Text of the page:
After the Colposcopy
You may experience vaginal bleeding after the colposcopy, especially if the provider performs biopsies. If the liquid bandage solution is used, you may experience brown-yellow discharge that may resemble gauze, tissue, or coffee grounds. It is important to note that this type of discharge is normal and nothing is left in the vagina. The discharge will resolve in a few days. Any cramping experienced during the colposcopy will resolve in a couple of minutes. Most women can return to their normal activities immediately after the procedure.
Do not put anything in the vagina (creams, douches, tampons) and abstain from intercourse for 48 hours after the procedure.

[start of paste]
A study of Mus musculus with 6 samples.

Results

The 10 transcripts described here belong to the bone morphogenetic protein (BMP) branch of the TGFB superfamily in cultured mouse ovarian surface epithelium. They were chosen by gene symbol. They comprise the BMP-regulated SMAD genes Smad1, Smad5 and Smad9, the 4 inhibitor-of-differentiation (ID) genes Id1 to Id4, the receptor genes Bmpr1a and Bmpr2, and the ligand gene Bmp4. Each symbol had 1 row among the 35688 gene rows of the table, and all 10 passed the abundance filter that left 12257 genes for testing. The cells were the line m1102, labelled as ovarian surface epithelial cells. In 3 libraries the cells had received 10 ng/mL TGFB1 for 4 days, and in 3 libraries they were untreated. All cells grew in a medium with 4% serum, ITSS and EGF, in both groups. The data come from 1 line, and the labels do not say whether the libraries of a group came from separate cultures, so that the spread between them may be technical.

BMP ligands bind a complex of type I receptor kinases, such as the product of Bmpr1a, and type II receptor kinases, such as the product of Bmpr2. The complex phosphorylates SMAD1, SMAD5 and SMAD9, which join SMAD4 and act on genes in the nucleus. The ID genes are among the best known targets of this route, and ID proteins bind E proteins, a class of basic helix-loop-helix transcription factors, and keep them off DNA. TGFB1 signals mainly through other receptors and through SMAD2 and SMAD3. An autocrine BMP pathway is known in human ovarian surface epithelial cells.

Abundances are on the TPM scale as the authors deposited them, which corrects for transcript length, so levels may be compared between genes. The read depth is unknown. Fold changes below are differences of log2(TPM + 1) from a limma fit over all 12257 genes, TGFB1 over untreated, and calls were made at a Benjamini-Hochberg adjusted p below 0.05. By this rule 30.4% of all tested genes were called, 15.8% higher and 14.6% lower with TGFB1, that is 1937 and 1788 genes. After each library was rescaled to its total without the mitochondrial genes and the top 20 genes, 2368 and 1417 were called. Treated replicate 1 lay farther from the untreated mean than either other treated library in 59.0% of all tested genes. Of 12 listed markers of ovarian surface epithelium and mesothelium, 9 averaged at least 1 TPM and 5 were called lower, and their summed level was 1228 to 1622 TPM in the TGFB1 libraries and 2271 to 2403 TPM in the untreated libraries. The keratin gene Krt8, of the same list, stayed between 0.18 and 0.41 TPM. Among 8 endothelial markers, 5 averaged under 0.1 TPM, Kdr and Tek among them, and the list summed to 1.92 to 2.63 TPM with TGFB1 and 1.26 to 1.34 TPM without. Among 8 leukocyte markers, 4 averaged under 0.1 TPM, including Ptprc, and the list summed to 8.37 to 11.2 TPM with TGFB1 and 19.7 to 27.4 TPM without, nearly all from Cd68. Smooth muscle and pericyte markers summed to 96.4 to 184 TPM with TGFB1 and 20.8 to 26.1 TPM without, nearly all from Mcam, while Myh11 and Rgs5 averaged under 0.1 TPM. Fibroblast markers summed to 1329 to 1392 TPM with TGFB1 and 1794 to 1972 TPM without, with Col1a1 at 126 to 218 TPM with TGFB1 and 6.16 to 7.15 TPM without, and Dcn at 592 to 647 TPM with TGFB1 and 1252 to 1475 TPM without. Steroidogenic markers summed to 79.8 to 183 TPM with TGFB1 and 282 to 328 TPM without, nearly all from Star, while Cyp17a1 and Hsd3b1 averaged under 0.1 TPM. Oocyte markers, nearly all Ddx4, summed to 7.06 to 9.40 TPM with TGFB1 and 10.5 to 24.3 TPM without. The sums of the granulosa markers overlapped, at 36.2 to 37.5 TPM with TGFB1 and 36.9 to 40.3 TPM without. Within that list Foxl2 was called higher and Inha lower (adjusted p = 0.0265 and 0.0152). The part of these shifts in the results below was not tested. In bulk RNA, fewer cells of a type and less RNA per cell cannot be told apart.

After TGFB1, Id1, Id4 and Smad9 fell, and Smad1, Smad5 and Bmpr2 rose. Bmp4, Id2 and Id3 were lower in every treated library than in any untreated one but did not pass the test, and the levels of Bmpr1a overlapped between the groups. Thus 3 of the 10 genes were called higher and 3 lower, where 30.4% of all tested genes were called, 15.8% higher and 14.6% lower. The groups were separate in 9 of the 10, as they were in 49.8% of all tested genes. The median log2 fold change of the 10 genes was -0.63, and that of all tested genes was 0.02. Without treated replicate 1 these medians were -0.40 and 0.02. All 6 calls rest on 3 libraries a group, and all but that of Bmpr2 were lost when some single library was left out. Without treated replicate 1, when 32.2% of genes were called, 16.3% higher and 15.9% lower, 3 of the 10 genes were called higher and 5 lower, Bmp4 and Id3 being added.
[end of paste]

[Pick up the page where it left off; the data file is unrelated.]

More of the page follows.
If a biopsy is performed, the results are typically available ten to fourteen days following the procedure. Follow-up depends on the results of the biopsy. Most women can return for evaluation in four to six months. HPV is not a lifelong infection; usually, the virus is cleared by your immune system.
When to Seek Help After a Colposcopy
Call your clinician if you experience any of the following after the procedure:
•Heavy vaginal bleeding (soaking through a pad in an hour for two hours in a row)
•Vaginal bleeding for more than seven days
•A fever or chills
•Foul smelling vaginal discharge (keep in mind black/brown or coffee-ground discharge is normal for the first few days).
Colposcopy During Pregnancy
If you think you might be pregnant, notify your healthcare provider. Colposcopy is safe during pregnancy, but biopsies are usually not performed.
Please call our office if you have any questions about the procedure or your results. The American College for Colposcopy and Cervical Pathology (www.asccp.org) and the American Congress of Obstetrics and Gynecology (www.acog.org) may provide helpful information.